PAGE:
Good news for burgundy fans

Burgundy lovers rejoice!

Two indisputably classic burgundies, one red, one white, have appeared on our shelves with very reasonable price tags hanging about their necks. Both carry a distinguished name, Antonin Rodet (“roh-day”), that emerged into prominence in the late 19th century; today, the family firm is the largest grower in Burgundy.

From the 2000 vintage - a good year in southeast France - Rodet has shipped us two classic burgundies, a 100 percent chardonnay, Chateau de Rully, and a 100 percent pinot noir, Chateau de Chamirey. Both are elegant wines, big and complex.

The Rully is aromatic, reminiscent of fresh mint and tangy citrus; from these robust scents the wine expands on the palate, uncovering an emphatic character that balances acid and innocence, partly barrel-aged, partly steel. The asking price is $19.

My bias is red, but even so I believe the Chamirey is objectively quite as satisfying as much more expensive and widely renowned burgundies. It is intense, the aroma and flavor as deep and ingratiating as the deep cherry color that may exaggerate one's sense of kirsch in the nose and the palate. It is quite dry, of course, but the spicy fruit that emerges as the wine opens up makes one think it almost sweet, surely rich and redolent of chocolate, with a hint of tobacco. The recommended price is $23, a bargain.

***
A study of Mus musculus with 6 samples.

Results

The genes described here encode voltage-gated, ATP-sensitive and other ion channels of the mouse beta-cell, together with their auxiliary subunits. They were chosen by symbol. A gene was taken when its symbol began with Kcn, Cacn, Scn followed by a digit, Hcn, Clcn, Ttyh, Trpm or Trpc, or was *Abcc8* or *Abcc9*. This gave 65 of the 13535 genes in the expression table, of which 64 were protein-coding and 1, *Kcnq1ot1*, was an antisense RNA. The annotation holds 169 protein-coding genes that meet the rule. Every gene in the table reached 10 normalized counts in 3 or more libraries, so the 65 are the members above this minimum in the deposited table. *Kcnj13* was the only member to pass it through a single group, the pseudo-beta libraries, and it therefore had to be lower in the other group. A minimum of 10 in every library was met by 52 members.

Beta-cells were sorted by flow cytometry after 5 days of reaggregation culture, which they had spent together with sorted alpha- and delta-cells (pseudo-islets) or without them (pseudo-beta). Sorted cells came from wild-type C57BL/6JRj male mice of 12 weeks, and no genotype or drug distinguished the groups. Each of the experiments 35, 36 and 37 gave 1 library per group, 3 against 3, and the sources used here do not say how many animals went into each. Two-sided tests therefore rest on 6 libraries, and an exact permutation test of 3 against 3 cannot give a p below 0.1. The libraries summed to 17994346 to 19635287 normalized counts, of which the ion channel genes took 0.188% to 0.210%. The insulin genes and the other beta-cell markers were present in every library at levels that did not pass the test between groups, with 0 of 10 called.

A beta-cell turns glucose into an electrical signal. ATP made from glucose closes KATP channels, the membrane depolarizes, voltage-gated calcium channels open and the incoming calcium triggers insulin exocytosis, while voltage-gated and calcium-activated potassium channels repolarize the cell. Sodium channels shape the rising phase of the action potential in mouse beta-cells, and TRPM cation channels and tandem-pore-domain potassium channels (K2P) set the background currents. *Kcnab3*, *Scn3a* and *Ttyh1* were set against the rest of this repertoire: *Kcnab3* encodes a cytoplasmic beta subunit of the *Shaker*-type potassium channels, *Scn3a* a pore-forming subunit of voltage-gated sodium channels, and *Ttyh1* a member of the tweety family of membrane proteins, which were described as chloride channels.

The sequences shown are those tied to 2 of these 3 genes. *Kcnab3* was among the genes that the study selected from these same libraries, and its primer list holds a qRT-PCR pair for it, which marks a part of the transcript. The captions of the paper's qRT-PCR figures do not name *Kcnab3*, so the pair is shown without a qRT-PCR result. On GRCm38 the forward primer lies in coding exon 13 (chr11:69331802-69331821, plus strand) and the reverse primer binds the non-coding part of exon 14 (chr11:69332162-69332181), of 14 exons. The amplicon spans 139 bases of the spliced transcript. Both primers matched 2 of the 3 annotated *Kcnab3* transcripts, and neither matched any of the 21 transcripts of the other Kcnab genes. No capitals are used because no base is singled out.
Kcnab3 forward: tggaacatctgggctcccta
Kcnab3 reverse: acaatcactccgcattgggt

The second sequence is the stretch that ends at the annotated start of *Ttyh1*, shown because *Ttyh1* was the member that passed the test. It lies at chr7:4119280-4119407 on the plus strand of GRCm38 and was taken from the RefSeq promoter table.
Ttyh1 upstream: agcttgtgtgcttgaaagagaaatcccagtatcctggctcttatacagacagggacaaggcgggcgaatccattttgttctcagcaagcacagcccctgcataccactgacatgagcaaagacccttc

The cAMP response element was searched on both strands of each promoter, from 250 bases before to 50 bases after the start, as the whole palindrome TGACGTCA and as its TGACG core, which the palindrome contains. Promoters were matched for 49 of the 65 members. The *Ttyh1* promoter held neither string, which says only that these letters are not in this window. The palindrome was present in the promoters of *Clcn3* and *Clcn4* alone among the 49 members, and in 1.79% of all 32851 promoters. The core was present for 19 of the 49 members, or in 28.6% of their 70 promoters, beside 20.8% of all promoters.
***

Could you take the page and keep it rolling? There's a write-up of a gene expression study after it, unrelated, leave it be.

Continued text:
Guideline 4f. says, wine advertising by code subscribers shall not “Use traditional heroes of the young such as those engaged in . . . occupations having a particular appeal to persons below the legal drinking age. (For example, cowboys, race car drivers, rock stars, etc.)”

It was nine years ago, I believe, that I strongly objected to a Mario Andretti label on a special issue of Sebastiani wine. “Well,” their spokesman said, “he doesn't race any more.”

But his name and fame linger on, for fans of one of the country's most popular spectator sports, auto racing.

Now it's no longer Sebastiani or a name on a label, but wines from Andretti Winery, 53 Napa acres. The press release says, in large letters, “Oh Yeah, He Also Races Cars.”

I saw an Andretti label on the wine list in an area restaurant recently.

It bothers me as much now as it did then to see a sports figure popular with young people using his name and fame to sell alcohol.